We were really bummed to cancel our concert at Southern Theater (Minneapolis) on April 26th because of economic straits. At a time when many music and arts venues are struggling to stay afloat, ICE decided to bring the concert to curious audience members in a different way—online! On April 26th, we decided to do a performance/recording session at the Brooklyn ICEhaus that was then streamed by WQXR. The evening featured two new pieces that I wrote from my ICElab, including Beneath A Trace of Vapor for flute and electronics and Glass Clouds We Have Known for toy piano, bass clarinet, flute, bowls, keyboard,electronics and video. We are unfortunately unable to capture the visual world of this piece without a theater, but be sure to check back and see it’s New York premiere scheduled to take place in November of 2011. The concert also featured works by ICElab composers Mario Diaz de Leon and Steve Lehman. Thanks to WQXR for broadcasting our performance!
Eric Lamb, flute
Josh Rubin, clarinet
Cory Smythe, keyboard
Rob Dietz, video artist
Last night I went to see fellow ICE (International Contemporary Ensemble) musicians perform the first of a series of concerts called On and Off the Page with the venerable Christian Wolff at Issue Project Room. I am so happy that ICE has launched such a great project along with the many other things ICE does. According to our website, On and Off the Page “is a series illuminating music that breaks down the barriers between written and improvised music.” As a musician that has been improvising and composing more and more, I am excited to see an organized effort to bring attention to this dynamic area of making live performance. What’s odd is that improvisation has been a big part of music-making for centuries but classical music has somehow evolved to be a genre that is extremely focused on “the printed page.” Many of the canonic classical composers (Bach, Mozart) were all improvisers/performers/composers. ..not to mention the invited improvisatory nature of a lot of Renaissance music that existed even before them. Somehow, through the years, we have become so specialized that the idea of branching out to other roles of music-making is new again to our generation. I have high hopes for my ICE buddies on this series! The next concert will be on March 16th at Le Poisson Rouge.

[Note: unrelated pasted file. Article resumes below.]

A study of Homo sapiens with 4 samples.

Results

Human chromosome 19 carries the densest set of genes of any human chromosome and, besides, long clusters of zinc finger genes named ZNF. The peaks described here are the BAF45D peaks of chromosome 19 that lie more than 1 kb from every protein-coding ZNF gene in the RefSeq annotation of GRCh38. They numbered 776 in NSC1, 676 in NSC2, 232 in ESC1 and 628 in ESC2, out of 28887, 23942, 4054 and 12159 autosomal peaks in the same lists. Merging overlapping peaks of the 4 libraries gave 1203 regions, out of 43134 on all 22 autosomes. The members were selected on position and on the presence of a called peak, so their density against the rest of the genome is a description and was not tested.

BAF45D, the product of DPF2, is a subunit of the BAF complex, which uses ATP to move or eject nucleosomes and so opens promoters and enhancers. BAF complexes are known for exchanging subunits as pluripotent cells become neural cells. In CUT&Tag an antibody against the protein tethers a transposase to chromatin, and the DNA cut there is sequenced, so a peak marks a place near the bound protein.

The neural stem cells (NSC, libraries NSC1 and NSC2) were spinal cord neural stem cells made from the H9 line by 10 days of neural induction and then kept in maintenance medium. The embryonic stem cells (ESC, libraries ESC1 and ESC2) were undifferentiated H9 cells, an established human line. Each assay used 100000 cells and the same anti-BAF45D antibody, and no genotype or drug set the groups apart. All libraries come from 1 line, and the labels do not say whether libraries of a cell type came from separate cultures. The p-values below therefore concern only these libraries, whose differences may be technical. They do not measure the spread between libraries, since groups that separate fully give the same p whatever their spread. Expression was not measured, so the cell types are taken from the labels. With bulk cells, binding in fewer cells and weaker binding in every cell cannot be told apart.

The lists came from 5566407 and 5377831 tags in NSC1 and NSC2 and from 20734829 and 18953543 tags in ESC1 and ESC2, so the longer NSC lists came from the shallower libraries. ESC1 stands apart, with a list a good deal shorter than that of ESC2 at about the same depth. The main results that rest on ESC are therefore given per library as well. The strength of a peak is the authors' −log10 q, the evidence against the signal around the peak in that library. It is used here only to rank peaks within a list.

I heard a lot about composer/percussionist Nathan Davis before I actually met him a little over a year ago. When Concert Artist Guild informed me that they received funding for the 2007 winners to commission a new work, I thought of Nathan instantly.
The toy piano is often thought of as a percussion instrument. I thought it would be interesting to get a percussionist’s influence on the toy piano. Four months after our initial meeting, Nathan presented me the score of “Mechanics of Escapement.” Just by looking at the score, I was so touched and impressed by what he had written; You can always tell when a composer had been thoughtful in his/her writing.
Nathan had borrowed one of my 2-octave Schoenhut pianos for those months he was composing. The piece was written specifically for that piano. He brought out the mechanical nature of the instrument with the sounds of the plastic keys lifting, and he also highlighted the melodic nature of the instrument with certain notes that have a beautiful ring.
I knew that he had been thinking about incorporating a clock chime(the insides of a grandfather clock), but I had no idea that Nathan was going to commit himself to weeks of sleepless nights inventing a new instrument for me to play along with the toy piano. The clock chime instrument is made of long metal rods, therefore lower in pitch. Most of the rods are struck by a small chime hammer and others are bowed to create the higher harmonics. He had essentially built a bass toy piano. For several weeks, Nathan was ordering parts (such as a variety of springs, bolts and the hammers of a grandfather clock) and building an instrument with the help of his neighbor Jonathan Roche, who does a lot of woodwork. The two of them would start at 1am and work until 10 in the morning, crafting the most playable and beautiful grandfather clock/bass toy piano instrument.
I had been practicing the new piece with my toy piano and clock chimes until two night before the official debut, when Nathan showed up at my apartment with a bag of medium wooden boxes, each with one chime inside of them. All of a sudden he started to set up these boxes in the air (with mic stands) all around my apartment. I felt that each of these boxes were their own being inside of my home. He had built an installation with surround-sound chimes. I was stunned, curious and mystified all at the same time.
Just to clarify, the piece is for toy piano, clock chimes, and five wooden single chimes placed around the performance space. The single chimes are played by connecting the hammer mechanism to a piece of string that I am able to pull from the stage. I can honestly say that I gained a new perspective of the toy piano in his writing. I have always been an advocate of the toy piano as a serious musical instrument, but with this new piece, Nathan brought it to a new level. There really are no good words to describe the piece, but you can view it now on my “Look” page.